TfL has recently unveiled its plans and launched a consultation for a Cycle Superhighway that runs through Chiswick High Road.
The aim of CS9 is “to transform roads in west Kensington, Hammersmith, Chiswick and Brentford town centre to make cycling and walking easier, safer and more appealing.”
Chiswick High Road Action Group believes that CS9 does not go far enough in implementing the Mayor for London’s strategic goals set out in his 2017 Draft Transport Strategy, which emphasises reducing London’s dependency on cars and promoting cycling and walking.
TfL state that there are “difficult choices to be made in determining the layout for roads on the alignment”. CHRAG understands this, but a balance between encouraging cycling and walking along Chiswick High Road has not been achieved. CHRAG believes that TfL have swung too far in favour of motor vehicles at the expense of pedestrian walkways which, under these plans, would see an unnecessary reduction in space that will make walking to the shops and spending time outdoors a less attractive premise for local residents and visitors.
Plans for the Cycle Superhighway are long overdue and CHRAG strongly support a segregated cycle superhighway along the South side of Chiswick High Road, however the plans in their current form do not provide the best long term solution for the High Road.
Agreed – taking space away from pedestrians is hardly making the streets greener and safer
— Clare Price Williams (@ClaraPW) October 6, 2017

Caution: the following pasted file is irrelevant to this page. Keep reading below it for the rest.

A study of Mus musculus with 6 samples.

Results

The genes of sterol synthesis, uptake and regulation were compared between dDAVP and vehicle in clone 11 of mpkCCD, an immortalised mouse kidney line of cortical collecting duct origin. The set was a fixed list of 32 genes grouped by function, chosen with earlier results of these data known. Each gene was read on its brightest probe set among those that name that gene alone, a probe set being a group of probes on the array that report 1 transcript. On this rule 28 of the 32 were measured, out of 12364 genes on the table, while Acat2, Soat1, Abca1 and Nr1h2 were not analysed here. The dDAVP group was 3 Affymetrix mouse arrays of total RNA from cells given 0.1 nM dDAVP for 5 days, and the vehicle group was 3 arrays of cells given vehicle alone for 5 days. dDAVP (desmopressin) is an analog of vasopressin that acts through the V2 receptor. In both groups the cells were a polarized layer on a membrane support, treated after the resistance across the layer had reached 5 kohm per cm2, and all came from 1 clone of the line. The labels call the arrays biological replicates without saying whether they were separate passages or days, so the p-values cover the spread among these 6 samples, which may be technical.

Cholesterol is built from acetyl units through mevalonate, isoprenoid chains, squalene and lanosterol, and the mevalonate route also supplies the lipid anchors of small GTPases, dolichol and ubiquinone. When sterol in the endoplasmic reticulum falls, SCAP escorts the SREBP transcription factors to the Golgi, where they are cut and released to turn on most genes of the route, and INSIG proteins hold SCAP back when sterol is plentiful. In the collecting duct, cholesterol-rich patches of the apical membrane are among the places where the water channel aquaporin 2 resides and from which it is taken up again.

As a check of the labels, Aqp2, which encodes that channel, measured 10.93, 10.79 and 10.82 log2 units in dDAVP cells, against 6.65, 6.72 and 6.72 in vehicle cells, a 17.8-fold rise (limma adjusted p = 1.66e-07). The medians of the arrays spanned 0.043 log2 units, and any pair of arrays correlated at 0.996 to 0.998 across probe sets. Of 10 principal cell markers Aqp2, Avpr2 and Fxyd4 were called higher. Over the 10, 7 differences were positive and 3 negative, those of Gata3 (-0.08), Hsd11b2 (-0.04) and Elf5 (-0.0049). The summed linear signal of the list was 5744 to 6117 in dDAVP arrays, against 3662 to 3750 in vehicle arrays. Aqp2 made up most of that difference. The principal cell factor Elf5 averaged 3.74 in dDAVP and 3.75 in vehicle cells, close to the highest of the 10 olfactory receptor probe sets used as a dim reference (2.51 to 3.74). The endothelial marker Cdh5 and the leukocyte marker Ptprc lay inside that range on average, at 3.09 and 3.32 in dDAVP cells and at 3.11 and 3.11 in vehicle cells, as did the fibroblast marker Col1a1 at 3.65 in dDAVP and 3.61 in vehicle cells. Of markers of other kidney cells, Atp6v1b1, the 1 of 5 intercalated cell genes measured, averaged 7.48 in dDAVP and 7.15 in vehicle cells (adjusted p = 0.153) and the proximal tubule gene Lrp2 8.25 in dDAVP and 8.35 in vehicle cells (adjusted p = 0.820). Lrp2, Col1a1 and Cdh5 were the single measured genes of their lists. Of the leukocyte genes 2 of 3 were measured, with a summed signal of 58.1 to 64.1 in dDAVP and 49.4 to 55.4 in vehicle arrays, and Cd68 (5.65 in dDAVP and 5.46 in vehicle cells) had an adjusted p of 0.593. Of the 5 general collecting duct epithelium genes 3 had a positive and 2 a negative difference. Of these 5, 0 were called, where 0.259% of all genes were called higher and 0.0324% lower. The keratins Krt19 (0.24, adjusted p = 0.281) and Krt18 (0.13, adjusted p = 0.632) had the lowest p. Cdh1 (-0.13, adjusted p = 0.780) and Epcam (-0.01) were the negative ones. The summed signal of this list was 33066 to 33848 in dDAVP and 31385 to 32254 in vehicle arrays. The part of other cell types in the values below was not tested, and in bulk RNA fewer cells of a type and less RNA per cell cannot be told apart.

Whilst CHRAG appreciates that reducing space for cars can cause additional short term congestion, the group feels that this once-in-a-lifetime opportunity must not be missed to look much further into the future and take a more ambitious interpretation of the Mayor’s Transport Strategy.
In order to facilitate CS9, some trees would be removed and kerb-lines moved to make pavements more narrow. Even in certain locations where bus lanes are removed, significant loss of pavement is still proposed, rather than loss of motor vehicle space.
CHRAG understands that in some cases where there are “pinch points” along the High Road, TfL may consider it favourable to take measures to ease congestion. And despite many of CHRAG’s members being motor vehicle users, overall the group believes there are far more creative ways to achieve the Mayor’s goals and the group is seeking to influence decisions made in the coming months to this end.
No you reduce traffic by reducing roadspace allocated to motor vehicles. Conversely increasing space induces more motor traffic.
— bigbluemeanie (@bigbluemeanie) October 9, 2017
As for the reduction of cars on the road and long term changes that will reduce pollution, CHRAG believes these changes are a matter of when, not if. CHRAG is therefore unhappy with CS9’s proposals to take so much from pedestrian space even if it is given to cycles. Given the rarity of such change events to kerb lines and road layouts, CHRAG strongly believes that TfL must now reconsider the priorities of CS9 to prepare the way for changes over the coming decades in reducing motor vehicles on the road.
Such a change of focus at this stage by TfL would result in a move towards cleaner air around Chiswick High Road, as well as protecting the High Road’s precious culture of cafes, restaurants, and meeting spaces. It would set the High Road up for the future, and it would go further towards the goals set out in the Mayor’s Transport Strategy.